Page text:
It wouldn’t be a long stretch to say that companies that fall victim to an information security breach have a public relations problem in their hands. Admitting (or in some cases, just alerting—no admitting allowed) that a company has inconvenienced their clients has never been a good move. And so the spin?doctors were born.
In some cases, it seems a better term would be spin?quacks. I mean, the last thing a company wants to do if subject to a data breach is to appear incompetent. Granted, incompetence—or its flipside, a sunshine information security policy of “everything will be fine; computer theft happens to everyone else. Let’s go have a picnic and leave our laptops on a table while we go have a dip in the lake. That’s how we secure things at Pollyanna, Inc.”—is probably what caused the problem in the first place, so the quacks have their work cut out for them. But do they have to keep making weird pronouncements that obviate any suspicions on their lack of commonsense?
Consider the following statement that shows up quite regularly in data breach announcements, and of which I’ve seen many, many permutations: “We have no evidence that the stolen data will be used for unauthorized purposes.”
Read that again, just to make sure it sinks in. Is it just me? Are these people implying that they’ve had a situation where a thief leaves behind some kind of note alerting victims of what he intends to do? Of course these companies don’t have such evidence; the last thing a thief wants to do is stick around a write a thank?you note. Can you imagine some guy leaving a calling card stating what he’s going to do with the data? Would the PR guys release something along the lines of “We have evidence that the stolen data will be used for unauthorized purposes?”
Where do these senseless string of words come from? I wonder if PR people feel compelled to fill in any blank spaces on sheet of paper; I know I do when writing these blog posts. Except, I overshoot, so I’m stuck paring these things down….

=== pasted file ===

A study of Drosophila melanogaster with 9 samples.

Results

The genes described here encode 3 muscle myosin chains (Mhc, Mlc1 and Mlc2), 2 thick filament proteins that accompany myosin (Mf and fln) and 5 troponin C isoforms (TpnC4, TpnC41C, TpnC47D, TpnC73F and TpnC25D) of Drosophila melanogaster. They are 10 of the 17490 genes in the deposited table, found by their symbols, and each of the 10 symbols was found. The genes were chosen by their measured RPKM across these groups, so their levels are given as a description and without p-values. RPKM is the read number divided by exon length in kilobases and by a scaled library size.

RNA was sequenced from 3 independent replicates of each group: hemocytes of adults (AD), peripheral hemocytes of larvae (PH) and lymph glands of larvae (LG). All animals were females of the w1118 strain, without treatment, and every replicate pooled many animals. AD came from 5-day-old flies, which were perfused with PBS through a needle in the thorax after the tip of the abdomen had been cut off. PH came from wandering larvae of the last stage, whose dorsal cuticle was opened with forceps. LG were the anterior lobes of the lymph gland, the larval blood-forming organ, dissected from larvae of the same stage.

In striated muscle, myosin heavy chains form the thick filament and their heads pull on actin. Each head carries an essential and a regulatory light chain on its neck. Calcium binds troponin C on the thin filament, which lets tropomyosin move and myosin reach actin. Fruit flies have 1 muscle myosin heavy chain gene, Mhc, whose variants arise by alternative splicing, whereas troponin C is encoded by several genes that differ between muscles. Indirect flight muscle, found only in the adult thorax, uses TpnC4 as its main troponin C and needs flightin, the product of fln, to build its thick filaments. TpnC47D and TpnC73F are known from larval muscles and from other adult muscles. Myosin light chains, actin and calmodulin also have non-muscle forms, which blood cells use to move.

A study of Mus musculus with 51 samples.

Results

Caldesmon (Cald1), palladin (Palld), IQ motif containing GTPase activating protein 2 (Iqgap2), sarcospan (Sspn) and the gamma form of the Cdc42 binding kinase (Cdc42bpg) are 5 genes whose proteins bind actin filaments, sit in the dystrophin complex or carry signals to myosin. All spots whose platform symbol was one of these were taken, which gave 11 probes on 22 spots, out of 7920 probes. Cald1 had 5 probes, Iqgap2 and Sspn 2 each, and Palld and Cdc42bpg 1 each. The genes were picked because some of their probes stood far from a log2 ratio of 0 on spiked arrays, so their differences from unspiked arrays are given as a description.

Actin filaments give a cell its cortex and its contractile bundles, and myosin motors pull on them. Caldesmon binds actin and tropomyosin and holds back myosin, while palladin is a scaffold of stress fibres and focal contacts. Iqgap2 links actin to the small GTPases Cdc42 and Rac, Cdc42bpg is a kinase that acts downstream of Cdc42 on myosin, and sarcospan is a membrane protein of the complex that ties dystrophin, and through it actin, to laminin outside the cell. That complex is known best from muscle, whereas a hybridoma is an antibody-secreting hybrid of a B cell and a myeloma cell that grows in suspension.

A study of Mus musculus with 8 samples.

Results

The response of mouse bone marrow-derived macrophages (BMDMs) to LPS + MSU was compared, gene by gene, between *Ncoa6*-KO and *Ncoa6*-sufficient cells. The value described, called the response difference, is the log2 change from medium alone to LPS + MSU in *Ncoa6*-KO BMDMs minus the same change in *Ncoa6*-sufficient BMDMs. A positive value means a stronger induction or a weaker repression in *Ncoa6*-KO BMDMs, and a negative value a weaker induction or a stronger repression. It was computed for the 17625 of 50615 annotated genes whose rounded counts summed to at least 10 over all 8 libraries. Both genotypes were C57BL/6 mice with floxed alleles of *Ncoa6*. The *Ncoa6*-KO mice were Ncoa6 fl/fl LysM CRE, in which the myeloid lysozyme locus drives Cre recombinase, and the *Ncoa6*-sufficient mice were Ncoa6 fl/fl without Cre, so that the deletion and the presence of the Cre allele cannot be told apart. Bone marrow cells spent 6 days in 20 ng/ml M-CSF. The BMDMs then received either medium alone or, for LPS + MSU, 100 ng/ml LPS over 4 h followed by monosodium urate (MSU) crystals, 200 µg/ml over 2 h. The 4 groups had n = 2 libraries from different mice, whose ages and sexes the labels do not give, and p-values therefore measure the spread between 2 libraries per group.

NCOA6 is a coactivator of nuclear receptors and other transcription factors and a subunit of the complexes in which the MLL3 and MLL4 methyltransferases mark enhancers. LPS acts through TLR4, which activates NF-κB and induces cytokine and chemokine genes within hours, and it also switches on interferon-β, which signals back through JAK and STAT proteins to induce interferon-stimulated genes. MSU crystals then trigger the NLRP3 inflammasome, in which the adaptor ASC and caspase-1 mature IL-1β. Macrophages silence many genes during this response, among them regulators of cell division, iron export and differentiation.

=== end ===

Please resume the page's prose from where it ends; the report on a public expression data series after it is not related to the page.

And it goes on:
An easy way to prevent PR personnel from making such ludicrous observations is to hire good public relations personnel (well, actually, it’s harder than it sounds. But, it’s infinitely easier to hire good PR people than hire bad PR people and educate them, plus clean up their mess—for which one would hire a good PR guy). This, though, fixes the symptoms and not the cause. An even easier way to make sure PR people don’t stick their feet in their mouths is to deny them PR-worthy cases.
Easier said than done? You’d be right, absolutely. Anyone over the age of ten probably knows that there is no such thing as certainty in life. The point is to lower the risks of something happening. Does your workplace use laptop computers? Get thee some full disk encryption for those, as well as for your desktops. If you use AlertBoot, you can easily manage the encryption of your business’s computers, and use the powerful reporting to implement a security audit program to make sure you (and your PR staff) don’t get caught with your pants down.